IN THE LATE 1970s, a researcher named Alexander Schauss discovered something interesting about the color pink. It was a very specific color of pink—a Pepto, bubblegum shade created by mixing a gallon of white latex paint with a pint of red semi-gloss outdoor paint. He was the director of life sciences at the American Institute for Biosocial Research in Tacoma, Washington, and deeply interested in the work of psychiatrist Max Luscher, who hypothesized that a person’s color preference hinted at their emotional state. Schauss was curious if the flip side of that hypothesis was true: Could looking at certain hues encourage physiological and emotional changes?
After years of (somewhat questionable) research, Schauss suggested that this very specific shade of pink could slow a test subject’s heart rate and even reduce a propensity for aggressive, violent behavior. He believed the color, called Baker-Miller pink, had a calming effect akin to what you might experience during yoga or meditation. How a color might do this is still debated. “I think it’s based on associations rather than physiology,” says NYU psychologist Adam Alter, who wrote a book, Drunk Tank Pink, that examines this phenomenon. “I’m open to being convinced otherwise, I just haven’t been yet.”
That debate aside, people have glommed onto the idea, in part because it’s alluring to think a color could change one’s behavior or state of mind. It’s particularly attractive to designers in the sports world constantly seeking colors and materials that might give athletes even the tiniest advantage. A new sportswear startup called Vollebak uses Schauss’ research as the basis for a complex hoodie called, appropriately, Miller-Baker Pink. It’s defining feature is a mesh visor that casts everything in a soft pink hue, something Vollebak claims provides an increased state of calm.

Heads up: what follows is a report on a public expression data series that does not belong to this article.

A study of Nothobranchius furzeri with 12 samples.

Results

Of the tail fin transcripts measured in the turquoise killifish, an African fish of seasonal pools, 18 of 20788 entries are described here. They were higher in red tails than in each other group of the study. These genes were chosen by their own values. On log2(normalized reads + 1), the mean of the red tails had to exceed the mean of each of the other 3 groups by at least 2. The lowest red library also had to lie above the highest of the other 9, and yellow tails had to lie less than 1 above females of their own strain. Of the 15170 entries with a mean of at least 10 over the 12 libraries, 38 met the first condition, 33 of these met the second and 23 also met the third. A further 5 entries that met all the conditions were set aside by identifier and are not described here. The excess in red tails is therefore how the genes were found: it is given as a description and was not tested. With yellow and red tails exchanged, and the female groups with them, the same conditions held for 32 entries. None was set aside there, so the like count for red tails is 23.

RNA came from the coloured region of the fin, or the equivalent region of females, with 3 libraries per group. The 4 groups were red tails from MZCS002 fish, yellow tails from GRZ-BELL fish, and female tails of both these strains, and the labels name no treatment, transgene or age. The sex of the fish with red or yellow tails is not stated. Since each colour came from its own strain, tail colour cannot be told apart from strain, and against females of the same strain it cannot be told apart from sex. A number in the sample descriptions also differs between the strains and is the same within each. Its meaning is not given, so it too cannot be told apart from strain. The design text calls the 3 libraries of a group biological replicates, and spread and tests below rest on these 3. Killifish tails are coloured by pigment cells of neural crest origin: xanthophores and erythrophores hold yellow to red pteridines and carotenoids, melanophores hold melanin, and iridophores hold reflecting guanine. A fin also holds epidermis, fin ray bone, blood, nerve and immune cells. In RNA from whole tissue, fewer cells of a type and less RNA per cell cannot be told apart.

Steve and Nick Tidball, twin brothers who are advertising creative directors and avid adventure sports athletes, started the company. After more than a decade competing in extreme sports, they say they’ve found few brands using smart design to intelligently address the problems they often faced. “A lot of brands are obsessed with what’s the new green or what’s the latest material that athletes would like to wear,” says Steve Tidball. “We approached it from what do I as an athlete need?”
What they as athletes needed was a way of calming their nerves the night before a big event. Tidball says they began by studying the parasympathetic nervous system, a division of the autonomic nervous system responsible for promoting states of rest in the body. The hoodie borders on obsessive in its dedication to designing for relaxation. The brothers knew they wanted to incorporate Schauss’ color theory to reduce heart rate, so they designed a hoodie with a mesh visor that gives a pink tint to everything you look at. (Relaxation bonus: The hoodie is like your own personal cave; you can see out at 80 percent visibility, but no one can see in.) But that’s only one part of the problem. “We started to think, how can design influence the way you breathe?” Tidball recalls. They designed the mesh visor so it naturally encouraged athletes to breath through the nose (there are small holes around the mouth to let air out), which ultimately slows down the rate of respiration. And they retooled the hoodie’s pockets so that when an athlete sticks his or her arms into the holes, they’re cradled like a broken arm in a sling. “Essentially it’s like wearing a straight jacket,” he says. The idea is to discourage the wearer from exerting any more energy than absolutely necessary.
There’s no doubt the hoodie was an intensely considered design challenge, and at $330, that effort shows. The price may be worth it if you’re the type who routinely climbs mountains or runs endurance races, but we think it sounds like a pretty good accessory for taking an afternoon nap, too.